At 1 p.m. ET, Facebook aired a live stream of a product announcement from Mark Zuckerberg. At 2 p.m. ET, U.S. President Barack Obama took questions from the Twittersphere during Twitter’s first ever live-streamed town hall.
So when one of the world’s most powerful companies and one of the world’s most powerful countries hold back-to-back Internet events, who gets more attention?
By several web measurements, Zuckerberg out-buzzed Obama yesterday afternoon.
According to an analysis by Jive Social Media Engagement, Twitter users tweeted the word “Facebook” about 3 million times during Zuckerberg’s announcement, but tweeted the word “Obama” or “askobama” about 650,000 times during the Twitter town hall event. When the terms in the analysis were tweeked to be more specific and include more phrases (i.e. town hall or townhall), Facebook’s event still garnered about three times the tweets as Obama’s Twitter event.
Data from real time search engine Topsy reveals a similar trend (see graph below). Its analysis includes tweets with a link and retweets with a link.
Social curation company, Mass Relevance, a partner of Twitter’s, counted 169,395 tweets that used the hashtag #AskObama between the time that Twitter announced the town hall on June 30 and Wednesday evening. At its highest traffic point, about 55,000 were viewing Facebook’s one-hour-long live stream. Twitter didn’t make this stat visible for the town hall.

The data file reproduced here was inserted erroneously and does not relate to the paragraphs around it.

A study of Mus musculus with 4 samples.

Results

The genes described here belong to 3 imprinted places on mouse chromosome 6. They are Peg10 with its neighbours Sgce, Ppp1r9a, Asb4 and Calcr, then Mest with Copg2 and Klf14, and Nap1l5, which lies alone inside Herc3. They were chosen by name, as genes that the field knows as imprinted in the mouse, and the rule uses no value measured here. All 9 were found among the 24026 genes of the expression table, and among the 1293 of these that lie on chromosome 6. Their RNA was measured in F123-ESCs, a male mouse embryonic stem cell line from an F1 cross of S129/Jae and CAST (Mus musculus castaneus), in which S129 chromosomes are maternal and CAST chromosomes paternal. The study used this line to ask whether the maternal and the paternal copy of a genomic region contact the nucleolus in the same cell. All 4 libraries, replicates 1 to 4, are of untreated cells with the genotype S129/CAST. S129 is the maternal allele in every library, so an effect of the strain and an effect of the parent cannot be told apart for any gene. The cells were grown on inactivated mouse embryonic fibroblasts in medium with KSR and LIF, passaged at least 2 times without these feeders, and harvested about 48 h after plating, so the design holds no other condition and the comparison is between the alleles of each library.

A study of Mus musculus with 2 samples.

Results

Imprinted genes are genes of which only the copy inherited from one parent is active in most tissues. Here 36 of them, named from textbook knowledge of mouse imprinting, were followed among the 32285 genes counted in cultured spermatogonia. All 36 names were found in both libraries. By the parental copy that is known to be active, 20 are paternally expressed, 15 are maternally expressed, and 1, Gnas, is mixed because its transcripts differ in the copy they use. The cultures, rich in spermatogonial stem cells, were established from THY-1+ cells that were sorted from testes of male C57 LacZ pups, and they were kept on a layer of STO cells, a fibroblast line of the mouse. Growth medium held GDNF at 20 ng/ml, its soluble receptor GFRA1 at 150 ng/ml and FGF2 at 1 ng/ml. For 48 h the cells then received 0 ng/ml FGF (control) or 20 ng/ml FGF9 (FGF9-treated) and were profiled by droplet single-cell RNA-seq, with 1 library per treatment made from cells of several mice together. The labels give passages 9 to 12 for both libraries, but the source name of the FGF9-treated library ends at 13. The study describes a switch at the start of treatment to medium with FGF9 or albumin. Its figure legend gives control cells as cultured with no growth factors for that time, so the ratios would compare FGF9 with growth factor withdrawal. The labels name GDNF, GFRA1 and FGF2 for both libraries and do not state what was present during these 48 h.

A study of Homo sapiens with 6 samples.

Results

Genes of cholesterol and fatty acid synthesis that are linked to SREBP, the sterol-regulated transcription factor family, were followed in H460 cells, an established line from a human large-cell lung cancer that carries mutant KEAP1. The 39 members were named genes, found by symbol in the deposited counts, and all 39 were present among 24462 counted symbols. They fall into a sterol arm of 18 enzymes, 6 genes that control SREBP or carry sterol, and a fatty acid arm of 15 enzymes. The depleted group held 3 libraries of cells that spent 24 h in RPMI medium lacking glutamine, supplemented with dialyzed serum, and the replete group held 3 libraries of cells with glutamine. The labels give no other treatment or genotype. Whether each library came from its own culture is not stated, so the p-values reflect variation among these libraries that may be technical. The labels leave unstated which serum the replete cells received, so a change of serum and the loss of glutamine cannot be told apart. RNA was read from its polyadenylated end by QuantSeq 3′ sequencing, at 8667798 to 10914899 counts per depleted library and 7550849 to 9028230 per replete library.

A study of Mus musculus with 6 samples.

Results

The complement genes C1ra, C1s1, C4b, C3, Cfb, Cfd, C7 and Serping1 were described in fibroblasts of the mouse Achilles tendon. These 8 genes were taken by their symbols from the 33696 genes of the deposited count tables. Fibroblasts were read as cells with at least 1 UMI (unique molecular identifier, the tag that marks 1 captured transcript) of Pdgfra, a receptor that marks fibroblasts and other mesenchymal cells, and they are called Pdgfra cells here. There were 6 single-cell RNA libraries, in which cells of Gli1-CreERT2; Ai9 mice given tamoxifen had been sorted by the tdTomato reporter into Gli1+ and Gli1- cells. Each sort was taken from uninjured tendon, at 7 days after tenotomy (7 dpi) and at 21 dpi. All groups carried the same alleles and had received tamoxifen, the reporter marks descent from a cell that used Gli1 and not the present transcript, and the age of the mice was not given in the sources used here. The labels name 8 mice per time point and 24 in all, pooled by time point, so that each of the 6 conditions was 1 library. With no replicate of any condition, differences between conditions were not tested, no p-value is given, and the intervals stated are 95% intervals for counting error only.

Google searches yesterday afternoon, as documented by Google Trends, also seem to have been dominated by “Facebook news” and “Facebook announcement.” Meanwhile, Obama’s Town Hall didn’t breach the top 10 trends during the event.
None of these indicators are perfect statistics. But the fact that they all favor the Facebook announcement as the more popular discussion topic is worth noting.
To be fair, Facebook has more than twice the number of users ( about 750 million) scattered over the world than the United States has citizens (about 300 million). But the majority of Twitter users reside in the U.S., and Obama’s outlook arguably carries more weight for most of the world’s population.
We’re not sure what to make of the web’s apparently greater interest in Mark Zuckerberg. On some levels it makes sense that online conversations would be more likely to center around Facebook’s next product than a presidential appearance: Facebook exists entirely on the Internet while the president of the United States has most of his influence elsewhere.